Plai is a rhizome, or a subterranean plant stem that tends to grow horizontally, with shoots that grow upwards from its nodes. It is a member of the ginger family, as is turmeric and galanga. Ginger, turmeric and galanga are commonly used in food and teas as flavoring, and the three are commonly used in herbalism for soothing symptoms of general inflammation, joint inflammation, pain, muscle pain, arthritis, nausea, indigestion and several other symptoms.1
The four rhizomes – turmeric, ginger, galangal and plai are all members of the Zingiberaceae or ginger family. Ginger itself is Zingiber officinale. Plai is Zingiber cassuminar and this species has several subspecies of which Zingiber cassmuminar Roxburgh has a prominent role. The latter is coveted in traditional Thai massage. Plai is used in SE Asia to ease pain and inflammation of joints and muscles. Ginger and turmeric are often used for the same purpose. It should be noted that all of these rhizomes are sold as food, and with the exception of Plai, all can be found in your grocery or specialty grocery store. You may buy turmeric powder in your spice shelf, and many buy it in bulk for it’s reputation in soothing symptoms.
In short, Plai is a root with remarkable properties. It has a deep golden color, similar to turmeric. Unlike turmeric, it has a pungent, piney smell from high levels of 4-terpeneol. There are sub-species of Plai, and each species has variable ratios of primary molecular components, as well as unique secondary molecular components. Plai is an edible rhizome. It can be fried in oil and eaten like a chip, or added as a spice like ginger. The components of Plai can be extracted using several techniques such as steam distillation, direct ethanol extraction, and extraction in oil. Each technique will yield oils and concentrates with a different herbal entourage, or a different sub-blend of ingredients in the Plai rhizome. These herbal entourages may benefit us in slightly different ways. The forms of Plai we use are “essential oils”2. Our Plai extracts feel and smell distinct. We hope you will have the pleasure of finding out and exploring Plai through our products.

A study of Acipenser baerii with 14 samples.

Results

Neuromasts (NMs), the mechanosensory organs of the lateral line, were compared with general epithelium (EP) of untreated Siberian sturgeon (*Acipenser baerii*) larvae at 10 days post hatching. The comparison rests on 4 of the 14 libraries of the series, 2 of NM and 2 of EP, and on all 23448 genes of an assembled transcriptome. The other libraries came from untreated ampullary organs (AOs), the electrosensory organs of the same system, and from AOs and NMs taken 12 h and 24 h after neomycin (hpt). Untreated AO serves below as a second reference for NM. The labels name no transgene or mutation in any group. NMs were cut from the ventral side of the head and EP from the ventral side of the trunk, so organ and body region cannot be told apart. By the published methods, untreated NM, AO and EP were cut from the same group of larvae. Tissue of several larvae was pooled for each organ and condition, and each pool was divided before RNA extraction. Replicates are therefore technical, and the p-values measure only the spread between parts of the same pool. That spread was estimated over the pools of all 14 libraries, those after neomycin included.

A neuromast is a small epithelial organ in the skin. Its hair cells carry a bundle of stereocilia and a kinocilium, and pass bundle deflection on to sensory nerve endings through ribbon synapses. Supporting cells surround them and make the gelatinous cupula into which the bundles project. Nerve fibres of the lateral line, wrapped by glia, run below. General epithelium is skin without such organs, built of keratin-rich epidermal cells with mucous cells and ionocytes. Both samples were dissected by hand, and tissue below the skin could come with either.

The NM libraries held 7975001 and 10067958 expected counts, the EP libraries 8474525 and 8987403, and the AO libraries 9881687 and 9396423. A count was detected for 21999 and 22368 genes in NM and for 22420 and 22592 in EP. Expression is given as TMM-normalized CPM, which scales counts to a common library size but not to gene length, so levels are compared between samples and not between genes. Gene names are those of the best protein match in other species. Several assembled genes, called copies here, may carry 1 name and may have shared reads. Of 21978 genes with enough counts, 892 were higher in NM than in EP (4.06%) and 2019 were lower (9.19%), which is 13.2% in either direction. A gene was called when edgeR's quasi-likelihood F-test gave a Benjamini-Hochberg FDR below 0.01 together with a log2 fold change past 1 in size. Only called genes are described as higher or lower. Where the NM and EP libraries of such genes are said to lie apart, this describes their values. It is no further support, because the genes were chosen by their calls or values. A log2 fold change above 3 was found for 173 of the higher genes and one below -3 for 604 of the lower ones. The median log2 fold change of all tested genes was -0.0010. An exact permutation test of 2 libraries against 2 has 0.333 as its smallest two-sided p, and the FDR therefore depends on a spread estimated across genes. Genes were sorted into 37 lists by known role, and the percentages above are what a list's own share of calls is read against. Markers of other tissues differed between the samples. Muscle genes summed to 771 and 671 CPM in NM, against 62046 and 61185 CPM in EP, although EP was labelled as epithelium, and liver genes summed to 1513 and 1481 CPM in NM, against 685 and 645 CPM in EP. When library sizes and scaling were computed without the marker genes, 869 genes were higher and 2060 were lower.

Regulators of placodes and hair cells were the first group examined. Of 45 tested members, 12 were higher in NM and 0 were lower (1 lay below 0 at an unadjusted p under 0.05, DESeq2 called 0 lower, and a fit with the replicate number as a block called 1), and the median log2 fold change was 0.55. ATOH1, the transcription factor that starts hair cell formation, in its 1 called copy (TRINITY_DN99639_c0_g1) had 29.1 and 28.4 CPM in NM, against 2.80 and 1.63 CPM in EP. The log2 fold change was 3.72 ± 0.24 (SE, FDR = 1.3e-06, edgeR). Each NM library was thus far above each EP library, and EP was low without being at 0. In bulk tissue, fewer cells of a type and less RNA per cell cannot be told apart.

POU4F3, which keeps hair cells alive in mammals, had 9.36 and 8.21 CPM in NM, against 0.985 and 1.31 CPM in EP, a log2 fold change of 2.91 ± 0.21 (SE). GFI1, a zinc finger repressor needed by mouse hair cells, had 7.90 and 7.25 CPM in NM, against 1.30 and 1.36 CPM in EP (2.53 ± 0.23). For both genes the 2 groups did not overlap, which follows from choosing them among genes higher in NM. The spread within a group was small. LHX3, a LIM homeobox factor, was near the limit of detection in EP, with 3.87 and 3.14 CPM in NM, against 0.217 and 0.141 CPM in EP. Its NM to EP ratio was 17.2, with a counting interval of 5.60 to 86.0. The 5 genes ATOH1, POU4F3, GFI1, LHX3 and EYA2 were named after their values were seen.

1. In the US, the FDA requires trials and significant data rather than published research for any compound marketed and sold to “diagnose, treat, cure or prevent disease”. The FDA doesn’t regulate whether materials make you feel energized, or balance your 7 Chakras. We have a higher level of standard in the US regarding “claims”. As we have seen from our opioid crisis, high standards aren’t always protective. See CFR, Code of Federal Regulations, Title 21 for food and supplement labeling and claims as an example. Dietary supplements are not drugs. Topical massage oils, balms and essential oils are not drugs – as long as the makers make no claims that would classify them as “drugs” by the FDA. See also: https://www.cancer.org/treatment/treatments-and-side-effects/complementary-and-alternative-medicine/dietary-supplements/fda-regulations.html
2. An “essential oil” usually the name of the plant from which it is derived; for example, lavender oil or peppermint oil. Oils are called essential because they were thought to represent the primary essence of odour and flavor of the plant from which they are taken from.